UK to contest EU elections on May 23rd
This week Cabinet Office minister and de facto deputy prime minister David Lidington formally announced what we already knew – that the UK would go to the polls on May 23rd to elect Members of the European Parliament. Britain’s new MEPs will keep their seats until such time as Westminster ratifies a Withdrawal Agreement.
The Labour Party, SNP and Liberal Democrats on Thursday launched their respective campaigns for the forthcoming EU elections. Labour leader Jeremy Corbyn reaffirmed his party’s official position that unless a ‘sensible’ Brexit plan is agreed along the lines proposed by his party, he would campaign for a public vote.
Meanwhile the government has resumed talks with Labour in an attempt to break the ongoing deadlock in Parliament over the terms of withdrawing from the EU. Downing Street has indicated that if no compromise is reached it will offer indicative votes as a potential next step to break the impasse.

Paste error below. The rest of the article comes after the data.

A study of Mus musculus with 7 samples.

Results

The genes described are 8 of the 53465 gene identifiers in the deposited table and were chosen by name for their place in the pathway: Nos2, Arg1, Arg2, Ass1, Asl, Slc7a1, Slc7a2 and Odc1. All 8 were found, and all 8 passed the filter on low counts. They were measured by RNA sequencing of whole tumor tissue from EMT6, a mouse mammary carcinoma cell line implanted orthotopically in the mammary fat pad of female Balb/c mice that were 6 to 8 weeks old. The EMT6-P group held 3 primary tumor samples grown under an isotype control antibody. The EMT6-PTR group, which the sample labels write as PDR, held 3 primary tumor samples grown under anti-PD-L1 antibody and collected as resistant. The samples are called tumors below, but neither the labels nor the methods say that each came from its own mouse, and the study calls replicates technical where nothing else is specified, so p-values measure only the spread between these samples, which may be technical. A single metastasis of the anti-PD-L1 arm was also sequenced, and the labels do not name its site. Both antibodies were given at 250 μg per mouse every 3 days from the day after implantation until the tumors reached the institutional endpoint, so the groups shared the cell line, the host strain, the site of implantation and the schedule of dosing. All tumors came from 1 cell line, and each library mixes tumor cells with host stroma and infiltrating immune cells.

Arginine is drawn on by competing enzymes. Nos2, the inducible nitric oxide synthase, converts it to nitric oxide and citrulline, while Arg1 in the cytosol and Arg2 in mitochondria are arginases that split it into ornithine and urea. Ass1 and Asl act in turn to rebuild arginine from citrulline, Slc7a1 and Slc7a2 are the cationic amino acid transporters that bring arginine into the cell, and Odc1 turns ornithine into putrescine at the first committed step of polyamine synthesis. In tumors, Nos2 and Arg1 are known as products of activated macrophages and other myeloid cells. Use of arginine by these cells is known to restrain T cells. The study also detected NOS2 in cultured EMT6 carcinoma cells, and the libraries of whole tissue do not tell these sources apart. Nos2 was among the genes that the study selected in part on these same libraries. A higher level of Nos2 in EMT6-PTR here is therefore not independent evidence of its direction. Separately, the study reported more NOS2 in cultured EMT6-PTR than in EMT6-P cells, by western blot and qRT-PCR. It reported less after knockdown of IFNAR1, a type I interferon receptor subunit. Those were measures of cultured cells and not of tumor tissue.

However, No. 10 may soon find it has lost all remaining control of the process as tensions within senior ranks of the Conservative party boiled over this week with a number of front runners lining into position ahead of an expected leadership contest. Former Cabinet minister Esther McVey, who resigned as Secretary of State for Work and Pensions in November, announced she had sufficient support to put her hat in to the ring. Meanwhile, her successor Amber Rudd this week used a speech in London to set out her vision to turn the Conservatives into the party of the 21st century worker.
Pressure on the Prime Minister to set out a clear timeline for her departure is likely to increase in the lead up to the European elections where Nigel Farage’s newly formed Brexit Party is expected to inflict significant damage on the Conservatives.